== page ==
Nutrition Notes

Lemons, Lemons, Lemons

Lemon cultivars can be sweet, sour, and downright pucker-inducing. In the kitchen, they can be used in savory dishes and sweet treats, as well as employed as antibacterial cleaning agents. They’re good for digestion, too. That’s a lot of work packed into these little yellow fruits!

Like other citrus fruits, lemons are high in vitamin C, and they also contain small amounts of potassium, folate, and B6. They also have a very small amount of iron, and when consumed along with iron-rich foods, vitamin C helps the body absorb more of this mineral. (A good tip for people who tend toward iron deficiency anemia, and a great reason to try lemon garlic lamb kebabs! Or for vegetarians, how about a lemon dressing for an iron-rich bean salad?)

The acidity of lemons may help aid digestion, and their pectin—a soluble fiber—may help reduce total cholesterol. (This is the same reason oatmeal is sometimes recommended for lowering cholesterol—the soluble fiber binds to cholesterol and helps escort it out of the body, rather than allowing it to be reabsorbed.) It should be noted, however, that lemon juice doesn’t provide fiber. For that, the pulp of the fruit must be consumed. A tall order, perhaps, for people who don’t like the sour taste, but grilling lemons is a way to reduce the ‘pucker factor’ and bring out their sweetness. Preserving lemons in salt or with spices is another way to tone down the tartness and emphasize the sweet zing while making the pulp very soft and easy to eat—including the rind! (Be sure to buy organic if you’re going to use the zest or rind.)

Lemons are sometimes promoted as a weight loss aid. While squeezing a bit of fresh lemon juice on a salad or even eating the pulp of a lemon isn’t going to magically melt the pounds away, there’s some evidence that lemons may help just a little in the fight against excess weight. Mouse studies indicate that lemon polyphenols suppress body weight gain and body fat accumulation by upregulating some of the enzymes involved in the conversion of fats to cellular energy. Lemon polyphenols also may improve insulin and leptin levels, which may be of benefit to individuals with insulin resistance and/or metabolic syndrome. Additionally, adding a splash of lemon juice to water may help people drink more of it throughout the day, which may translate into slightly greater weight loss. People often mistake thirst for hunger, and instead of drinking a glass of water, they reach for a snack—most likely one high in refined carbohydrates and vegetable oils. Staying adequately hydrated may help people avoid those excess calories and insulin spikes. Plus, many people simply don’t like to drink water. A little bit of lemon may make it more appealing.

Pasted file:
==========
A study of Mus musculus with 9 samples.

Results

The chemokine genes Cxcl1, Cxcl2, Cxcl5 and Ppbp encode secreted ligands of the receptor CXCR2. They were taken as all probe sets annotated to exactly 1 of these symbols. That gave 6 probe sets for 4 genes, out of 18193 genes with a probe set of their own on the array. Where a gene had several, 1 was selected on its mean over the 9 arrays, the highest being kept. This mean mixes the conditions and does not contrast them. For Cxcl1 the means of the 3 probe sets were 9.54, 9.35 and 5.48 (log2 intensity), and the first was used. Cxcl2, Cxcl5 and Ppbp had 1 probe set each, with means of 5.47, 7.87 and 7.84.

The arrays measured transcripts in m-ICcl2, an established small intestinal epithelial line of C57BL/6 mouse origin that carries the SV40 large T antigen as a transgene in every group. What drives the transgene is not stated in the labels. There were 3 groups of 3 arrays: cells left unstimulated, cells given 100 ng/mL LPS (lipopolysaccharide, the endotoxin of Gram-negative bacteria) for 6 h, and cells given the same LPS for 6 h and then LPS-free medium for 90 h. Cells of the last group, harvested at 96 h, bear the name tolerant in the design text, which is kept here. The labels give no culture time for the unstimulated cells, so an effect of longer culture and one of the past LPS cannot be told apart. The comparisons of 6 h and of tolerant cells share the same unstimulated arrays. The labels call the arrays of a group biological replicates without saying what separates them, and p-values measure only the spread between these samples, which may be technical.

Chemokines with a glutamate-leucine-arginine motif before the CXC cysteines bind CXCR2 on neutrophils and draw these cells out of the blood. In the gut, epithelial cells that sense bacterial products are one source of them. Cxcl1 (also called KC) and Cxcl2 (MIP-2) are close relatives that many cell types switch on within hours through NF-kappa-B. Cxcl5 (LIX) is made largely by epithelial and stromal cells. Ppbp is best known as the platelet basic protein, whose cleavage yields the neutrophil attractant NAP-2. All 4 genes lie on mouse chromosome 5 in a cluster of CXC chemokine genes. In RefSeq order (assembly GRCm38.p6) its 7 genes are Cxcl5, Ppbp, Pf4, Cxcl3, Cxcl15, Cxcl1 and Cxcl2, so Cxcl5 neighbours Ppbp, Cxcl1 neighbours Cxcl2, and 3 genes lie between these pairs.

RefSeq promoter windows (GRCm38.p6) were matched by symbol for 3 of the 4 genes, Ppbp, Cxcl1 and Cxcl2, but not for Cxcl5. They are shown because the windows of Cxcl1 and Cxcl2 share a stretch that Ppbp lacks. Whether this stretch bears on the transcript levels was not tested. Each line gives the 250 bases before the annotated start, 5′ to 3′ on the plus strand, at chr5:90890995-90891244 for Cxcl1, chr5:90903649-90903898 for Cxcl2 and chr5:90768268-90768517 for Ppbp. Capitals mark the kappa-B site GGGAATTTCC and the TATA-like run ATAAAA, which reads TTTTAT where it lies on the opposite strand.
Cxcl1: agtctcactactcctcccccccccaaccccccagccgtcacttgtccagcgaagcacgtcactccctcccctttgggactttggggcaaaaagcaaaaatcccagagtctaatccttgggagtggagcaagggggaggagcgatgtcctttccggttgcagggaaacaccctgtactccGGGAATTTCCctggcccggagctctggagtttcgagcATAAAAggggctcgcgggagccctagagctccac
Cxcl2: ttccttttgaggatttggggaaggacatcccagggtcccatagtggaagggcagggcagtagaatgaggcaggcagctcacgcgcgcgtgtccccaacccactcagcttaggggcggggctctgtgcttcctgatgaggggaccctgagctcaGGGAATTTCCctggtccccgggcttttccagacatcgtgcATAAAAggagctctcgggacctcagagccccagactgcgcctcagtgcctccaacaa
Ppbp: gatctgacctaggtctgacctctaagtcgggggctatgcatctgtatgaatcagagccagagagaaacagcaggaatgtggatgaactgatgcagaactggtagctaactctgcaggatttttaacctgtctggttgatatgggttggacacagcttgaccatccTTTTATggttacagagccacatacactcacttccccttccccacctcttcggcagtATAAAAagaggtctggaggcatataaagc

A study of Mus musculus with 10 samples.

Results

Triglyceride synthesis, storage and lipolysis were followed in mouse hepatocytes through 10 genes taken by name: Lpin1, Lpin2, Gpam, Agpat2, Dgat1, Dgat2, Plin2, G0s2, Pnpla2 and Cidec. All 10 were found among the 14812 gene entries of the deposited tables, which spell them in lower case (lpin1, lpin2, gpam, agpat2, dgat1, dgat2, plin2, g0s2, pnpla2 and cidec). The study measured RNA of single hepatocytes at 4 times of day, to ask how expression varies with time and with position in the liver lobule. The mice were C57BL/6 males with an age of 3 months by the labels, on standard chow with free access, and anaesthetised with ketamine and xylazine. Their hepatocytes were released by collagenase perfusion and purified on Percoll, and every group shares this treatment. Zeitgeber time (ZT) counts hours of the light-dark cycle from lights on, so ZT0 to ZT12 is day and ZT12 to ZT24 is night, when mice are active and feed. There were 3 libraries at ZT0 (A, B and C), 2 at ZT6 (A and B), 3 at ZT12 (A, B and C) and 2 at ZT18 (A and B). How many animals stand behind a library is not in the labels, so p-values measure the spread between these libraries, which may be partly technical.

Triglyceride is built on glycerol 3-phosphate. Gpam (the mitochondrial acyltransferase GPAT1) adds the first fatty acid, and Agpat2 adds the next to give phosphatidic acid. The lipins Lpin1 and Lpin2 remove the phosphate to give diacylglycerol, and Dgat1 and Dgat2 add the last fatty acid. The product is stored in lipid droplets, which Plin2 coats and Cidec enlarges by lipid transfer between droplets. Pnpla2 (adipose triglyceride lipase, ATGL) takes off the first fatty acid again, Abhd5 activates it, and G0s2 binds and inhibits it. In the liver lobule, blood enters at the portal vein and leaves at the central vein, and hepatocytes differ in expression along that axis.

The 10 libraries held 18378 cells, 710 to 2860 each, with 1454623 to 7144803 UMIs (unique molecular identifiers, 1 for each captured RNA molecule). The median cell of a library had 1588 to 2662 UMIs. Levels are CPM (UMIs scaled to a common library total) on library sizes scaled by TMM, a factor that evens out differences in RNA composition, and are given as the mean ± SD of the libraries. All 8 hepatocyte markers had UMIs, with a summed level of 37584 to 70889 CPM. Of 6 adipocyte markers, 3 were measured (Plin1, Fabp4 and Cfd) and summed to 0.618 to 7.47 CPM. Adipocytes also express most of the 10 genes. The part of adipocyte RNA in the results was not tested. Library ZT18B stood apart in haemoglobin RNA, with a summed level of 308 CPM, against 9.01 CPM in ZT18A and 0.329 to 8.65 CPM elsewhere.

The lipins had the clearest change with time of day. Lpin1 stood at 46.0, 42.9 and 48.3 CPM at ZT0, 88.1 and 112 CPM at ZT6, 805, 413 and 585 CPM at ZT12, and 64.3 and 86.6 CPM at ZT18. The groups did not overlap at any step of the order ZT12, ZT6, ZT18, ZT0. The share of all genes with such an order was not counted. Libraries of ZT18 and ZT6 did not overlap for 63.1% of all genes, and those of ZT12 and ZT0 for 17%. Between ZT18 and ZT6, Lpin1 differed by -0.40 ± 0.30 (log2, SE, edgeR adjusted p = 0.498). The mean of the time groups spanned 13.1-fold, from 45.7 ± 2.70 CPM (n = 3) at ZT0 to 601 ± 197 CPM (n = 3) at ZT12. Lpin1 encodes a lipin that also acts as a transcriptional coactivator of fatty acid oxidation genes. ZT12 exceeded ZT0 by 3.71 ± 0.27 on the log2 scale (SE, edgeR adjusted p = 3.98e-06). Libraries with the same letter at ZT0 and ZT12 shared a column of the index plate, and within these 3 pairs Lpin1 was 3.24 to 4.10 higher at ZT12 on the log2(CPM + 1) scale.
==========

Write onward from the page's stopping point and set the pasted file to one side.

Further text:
Other people who may benefit from increasing lemon fruit and juice intake are those at risk for kidney stones or those with a history of stones. The high content of citric acid in lemons may help increase urine volume (particularly if added to beverages) and raise urine pH, both of which would create an unfavorable environment for stone formation. A higher urinary citrate level seems to help protect against kidney stones, and consuming lemon juice is one way to raise the citrate level.

Lemon juice is a powerful antimicrobial agent, which accounts for the use of lemon essential oil in many household cleaning products, particularly those used to clean kitchen counters and cutting boards. Lemon juice has demonstrated antibacterial effects against E. coli, Staphylococcus aureus, and strains of Salmonella, as well as antifungal effects against the yeast, Candida albicans. Another helpful thing lemons do in the kitchen is keep apples, bananas, pears, and avocados from turning brown when they’re cut prior to adding to a recipe. (Other citrus juice will do this as well, such as orange and lime.)

For those who follow a Paleo or lower-carb diet, just because sugary lemon shortbread bars are off the menu doesn’t mean there aren’t plenty of other great ways to add more lemon to dinner—and dessert. There’s olive, garlic, and lemon chicken, pan-fried lemon chicken, and a super simple lemon vinaigrette—perhaps the easiest way to add lemon other than just squeezing a wedge over a salad or entrée. To indulge a sweet tooth with lemony treats, try these gluten and dairy-free recipes for lemon pound cake with honey lemon glaze, lemon vanilla meltaways, and lemon mousse.